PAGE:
To run your own email server using Linux and other open source software, you’ll need to first choose a Linux
distribution and install it on your server. I’d go with either Ubuntu, Debian or Rocky Linux. Once you’ve done that,
you can choose an email server software that is compatible with Linux, such as Postfix or Exim. After installing and
configuring the email server software, you’ll need to set up DNS records and configure authentication and encryption
to ensure that your email server is secure. Finally, you’ll need to test your email server to make sure it is working
properly and can send and receive messages.
Amavis, SpamAssassin, and ClamAV are all open source software programs that can be used to help protect email servers
from spam and other forms of malicious email. Amavis is a high-performance email filter that can be used to block spam,
viruses, and other types of unwanted email. It works by scanning incoming email messages and applying a variety of
rules and filters to determine whether they are likely to be spam or not. SpamAssassin is a popular email filter that
uses a combination of heuristics and rules-based filtering to identify and flag spam email. It can be used in
conjunction with Amavis to provide an additional layer of protection against spam. ClamAV is an antivirus program
that can be used to scan email messages for viruses and other types of malware. It can be used in combination with
Amavis and SpamAssassin to provide comprehensive protection against spam, viruses, and other forms of malicious email.
A formidable combination: Postfix, Dovecot, MySQL, Amavis, SpamAssassin, ClamAV.
It is hard to make an end-to-end test of email server locally. Try to test it on a cheap VPS server or VM in the cloud.
Like most of our DevOps lab items, use tools such as Ansible to manage the orchestration of the services.
Terms that are commonly associated with email servers
- SMTP (Simple Mail Transfer Protocol) - This is the primary protocol used for sending and receiving email messages.
It is responsible for delivering messages from one email server to another and for delivering messages to local mail
- IMAP (Internet Message Access Protocol) - This is a protocol that allows email clients to access and manage email
messages on a remote server. It allows users to download, view, and manipulate their email messages without having to
download them to their local device.
- IMAPS (IMAP over SSL/TLS) - This is a variant of IMAP that uses SSL/TLS encryption to provide secure
communication between email clients and servers.
- POP (Post Office Protocol) - This is an older protocol that was commonly used for retrieving email messages from
a remote server. It is less commonly used today, as IMAP provides many more features and is generally considered to
be a better choice for most users.
- Mailbox - This is a storage location on an email server where email messages for a particular user are kept.
- Mail client - This is a program that allows users to access and manage their email messages on a remote server.
Examples of mail clients include Microsoft Outlook, Thunderbird, and Apple Mail.
- Mail server - This is a computer that runs email server software and is responsible for delivering, storing,
and forwarding email messages.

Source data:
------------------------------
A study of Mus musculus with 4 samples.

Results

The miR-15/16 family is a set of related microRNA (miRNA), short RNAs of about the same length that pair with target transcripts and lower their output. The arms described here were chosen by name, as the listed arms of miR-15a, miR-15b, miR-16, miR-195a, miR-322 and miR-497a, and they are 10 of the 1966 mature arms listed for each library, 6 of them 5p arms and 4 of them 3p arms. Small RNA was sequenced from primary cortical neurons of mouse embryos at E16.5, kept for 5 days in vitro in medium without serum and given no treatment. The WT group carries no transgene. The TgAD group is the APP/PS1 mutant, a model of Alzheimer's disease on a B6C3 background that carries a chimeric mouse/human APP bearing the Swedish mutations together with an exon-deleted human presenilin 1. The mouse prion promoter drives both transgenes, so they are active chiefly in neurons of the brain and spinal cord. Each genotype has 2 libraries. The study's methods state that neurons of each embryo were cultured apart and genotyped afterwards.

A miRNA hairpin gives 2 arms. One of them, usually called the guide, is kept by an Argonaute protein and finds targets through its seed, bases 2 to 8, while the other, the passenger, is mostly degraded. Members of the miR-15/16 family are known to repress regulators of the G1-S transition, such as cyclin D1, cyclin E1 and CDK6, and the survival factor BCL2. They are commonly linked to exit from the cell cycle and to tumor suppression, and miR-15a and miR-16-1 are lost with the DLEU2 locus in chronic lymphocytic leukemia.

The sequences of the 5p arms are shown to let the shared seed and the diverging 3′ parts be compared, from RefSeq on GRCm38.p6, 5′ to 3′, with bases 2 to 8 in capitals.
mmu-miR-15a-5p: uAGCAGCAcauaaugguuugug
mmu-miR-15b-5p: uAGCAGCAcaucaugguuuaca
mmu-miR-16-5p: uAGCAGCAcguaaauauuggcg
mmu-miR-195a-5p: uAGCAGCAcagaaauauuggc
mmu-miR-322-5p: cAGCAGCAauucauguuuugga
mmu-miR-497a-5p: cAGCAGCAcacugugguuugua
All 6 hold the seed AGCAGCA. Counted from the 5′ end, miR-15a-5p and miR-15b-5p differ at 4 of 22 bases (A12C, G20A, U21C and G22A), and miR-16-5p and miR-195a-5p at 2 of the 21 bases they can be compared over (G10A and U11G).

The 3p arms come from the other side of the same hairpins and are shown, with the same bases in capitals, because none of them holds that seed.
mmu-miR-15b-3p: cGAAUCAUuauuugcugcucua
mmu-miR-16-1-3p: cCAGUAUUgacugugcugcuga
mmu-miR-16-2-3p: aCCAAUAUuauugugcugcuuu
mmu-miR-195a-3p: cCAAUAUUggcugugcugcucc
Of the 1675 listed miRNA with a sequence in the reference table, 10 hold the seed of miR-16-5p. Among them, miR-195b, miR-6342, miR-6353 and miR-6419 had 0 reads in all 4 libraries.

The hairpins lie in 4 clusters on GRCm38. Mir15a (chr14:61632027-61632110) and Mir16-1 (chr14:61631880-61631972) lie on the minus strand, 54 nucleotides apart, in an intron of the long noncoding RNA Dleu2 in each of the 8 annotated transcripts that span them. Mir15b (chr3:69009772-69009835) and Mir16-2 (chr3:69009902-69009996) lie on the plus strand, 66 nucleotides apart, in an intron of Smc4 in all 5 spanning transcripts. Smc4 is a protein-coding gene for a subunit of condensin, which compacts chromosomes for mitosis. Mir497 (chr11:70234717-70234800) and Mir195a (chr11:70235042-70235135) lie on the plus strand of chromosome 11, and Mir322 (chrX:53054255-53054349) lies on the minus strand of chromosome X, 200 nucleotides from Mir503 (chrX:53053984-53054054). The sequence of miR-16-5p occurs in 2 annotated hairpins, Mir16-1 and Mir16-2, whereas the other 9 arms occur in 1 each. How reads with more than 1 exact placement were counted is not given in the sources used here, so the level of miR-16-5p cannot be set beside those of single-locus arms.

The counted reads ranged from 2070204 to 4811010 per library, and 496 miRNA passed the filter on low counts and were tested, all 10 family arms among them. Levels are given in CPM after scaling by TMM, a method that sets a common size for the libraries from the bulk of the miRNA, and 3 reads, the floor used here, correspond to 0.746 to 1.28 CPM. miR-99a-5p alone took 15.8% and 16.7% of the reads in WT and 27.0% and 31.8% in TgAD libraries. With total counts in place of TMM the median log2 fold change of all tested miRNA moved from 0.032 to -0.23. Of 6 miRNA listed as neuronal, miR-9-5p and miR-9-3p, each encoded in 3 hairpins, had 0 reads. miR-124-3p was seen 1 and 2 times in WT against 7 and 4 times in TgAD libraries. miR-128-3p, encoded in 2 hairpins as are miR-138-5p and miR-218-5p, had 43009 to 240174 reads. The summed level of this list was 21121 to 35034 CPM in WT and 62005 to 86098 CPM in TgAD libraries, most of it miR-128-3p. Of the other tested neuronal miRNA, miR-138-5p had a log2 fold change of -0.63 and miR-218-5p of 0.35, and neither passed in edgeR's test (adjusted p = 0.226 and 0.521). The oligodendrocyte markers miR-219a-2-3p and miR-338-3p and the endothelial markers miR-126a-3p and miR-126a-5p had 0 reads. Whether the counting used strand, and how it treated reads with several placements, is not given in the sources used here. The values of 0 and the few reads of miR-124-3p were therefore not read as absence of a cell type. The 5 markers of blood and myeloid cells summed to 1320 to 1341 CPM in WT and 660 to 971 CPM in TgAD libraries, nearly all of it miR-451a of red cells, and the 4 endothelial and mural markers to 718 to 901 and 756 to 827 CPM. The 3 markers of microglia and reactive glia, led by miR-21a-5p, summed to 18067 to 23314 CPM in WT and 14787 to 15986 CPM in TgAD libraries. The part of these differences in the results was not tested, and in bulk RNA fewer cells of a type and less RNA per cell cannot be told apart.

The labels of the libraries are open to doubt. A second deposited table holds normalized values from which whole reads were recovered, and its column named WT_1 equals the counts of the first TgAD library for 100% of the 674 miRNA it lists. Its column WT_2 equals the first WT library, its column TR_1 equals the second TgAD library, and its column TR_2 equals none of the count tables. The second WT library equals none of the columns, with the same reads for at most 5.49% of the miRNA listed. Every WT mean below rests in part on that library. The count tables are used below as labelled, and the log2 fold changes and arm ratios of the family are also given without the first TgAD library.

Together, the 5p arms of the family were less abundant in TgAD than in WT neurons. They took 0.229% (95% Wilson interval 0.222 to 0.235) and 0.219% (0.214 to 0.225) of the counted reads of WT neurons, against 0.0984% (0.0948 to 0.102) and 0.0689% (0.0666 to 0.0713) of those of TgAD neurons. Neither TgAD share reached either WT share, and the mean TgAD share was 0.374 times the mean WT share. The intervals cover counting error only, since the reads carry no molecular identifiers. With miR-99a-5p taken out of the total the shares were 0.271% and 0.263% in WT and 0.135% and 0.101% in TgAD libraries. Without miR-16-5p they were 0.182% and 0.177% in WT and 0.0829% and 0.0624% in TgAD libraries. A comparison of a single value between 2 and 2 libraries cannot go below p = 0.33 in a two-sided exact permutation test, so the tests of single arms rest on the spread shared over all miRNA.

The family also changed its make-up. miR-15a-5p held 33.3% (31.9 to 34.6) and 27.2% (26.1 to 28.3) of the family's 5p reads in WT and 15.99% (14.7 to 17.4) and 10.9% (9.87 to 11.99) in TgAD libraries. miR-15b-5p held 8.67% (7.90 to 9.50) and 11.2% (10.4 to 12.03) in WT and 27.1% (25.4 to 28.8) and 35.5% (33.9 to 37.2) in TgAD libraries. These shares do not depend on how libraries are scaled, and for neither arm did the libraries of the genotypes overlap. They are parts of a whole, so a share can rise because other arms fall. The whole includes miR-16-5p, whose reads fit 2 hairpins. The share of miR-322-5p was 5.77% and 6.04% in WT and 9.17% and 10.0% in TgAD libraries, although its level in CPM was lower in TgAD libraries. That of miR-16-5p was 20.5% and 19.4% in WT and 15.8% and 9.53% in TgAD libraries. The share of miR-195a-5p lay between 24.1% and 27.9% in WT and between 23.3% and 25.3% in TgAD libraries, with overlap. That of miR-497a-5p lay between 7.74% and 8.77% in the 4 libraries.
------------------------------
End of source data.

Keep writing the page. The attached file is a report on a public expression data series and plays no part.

- DNS (Domain Name System) - This is a network protocol that is used to translate domain names into IP addresses,
allowing email servers to locate and communicate with each other.
- MX record - This is a DNS record that specifies the mail server(s) responsible for receiving email messages for
a particular domain.
- MTA (Mail Transfer Agent) - This is a program that is responsible for delivering email messages from one server
to another. MTAs use the SMTP protocol to communicate with each other and to deliver messages to local mail clients.
- LDA (Local Delivery Agent) - This is a program that is responsible for delivering email messages to local
mailboxes on an email server. LDAs are typically used in conjunction with an MTA to deliver incoming messages to the
appropriate mailbox on the server.
- SSL/TLS - These are cryptographic protocols that are used to provide secure communication between email clients
and servers. They are commonly used to encrypt IMAP and SMTP connections to protect the privacy of email messages.
- Spam filter - This is a program that is used to identify and filter out spam email messages. Spam filters use
a variety of techniques, such as heuristics, rules-based filtering, and machine learning, to determine whether an
email message is likely to be spam or not.
- Antivirus - This is a program that is used to scan email messages for viruses and other types of malware.
Antivirus programs can be used to protect email servers and mail clients from being infected by malicious software.
- DKIM (DomainKeys Identified Mail) - This is a protocol that allows email senders to digitally sign their messages
using a private key, allowing recipients to verify the authenticity of the message. DKIM helps to prevent spam and
phishing attacks by making it difficult for attackers to forge email messages.
- SPF (Sender Policy Framework) - This is a protocol that allows email domain owners to specify which servers are
allowed to send email on behalf of their domain. SPF helps to prevent spam and phishing attacks by allowing
recipients to verify the legitimacy of the sender’s domain.
In the past, I have orchestrated many email servers including on AWS and Hetzner Cloud platforms.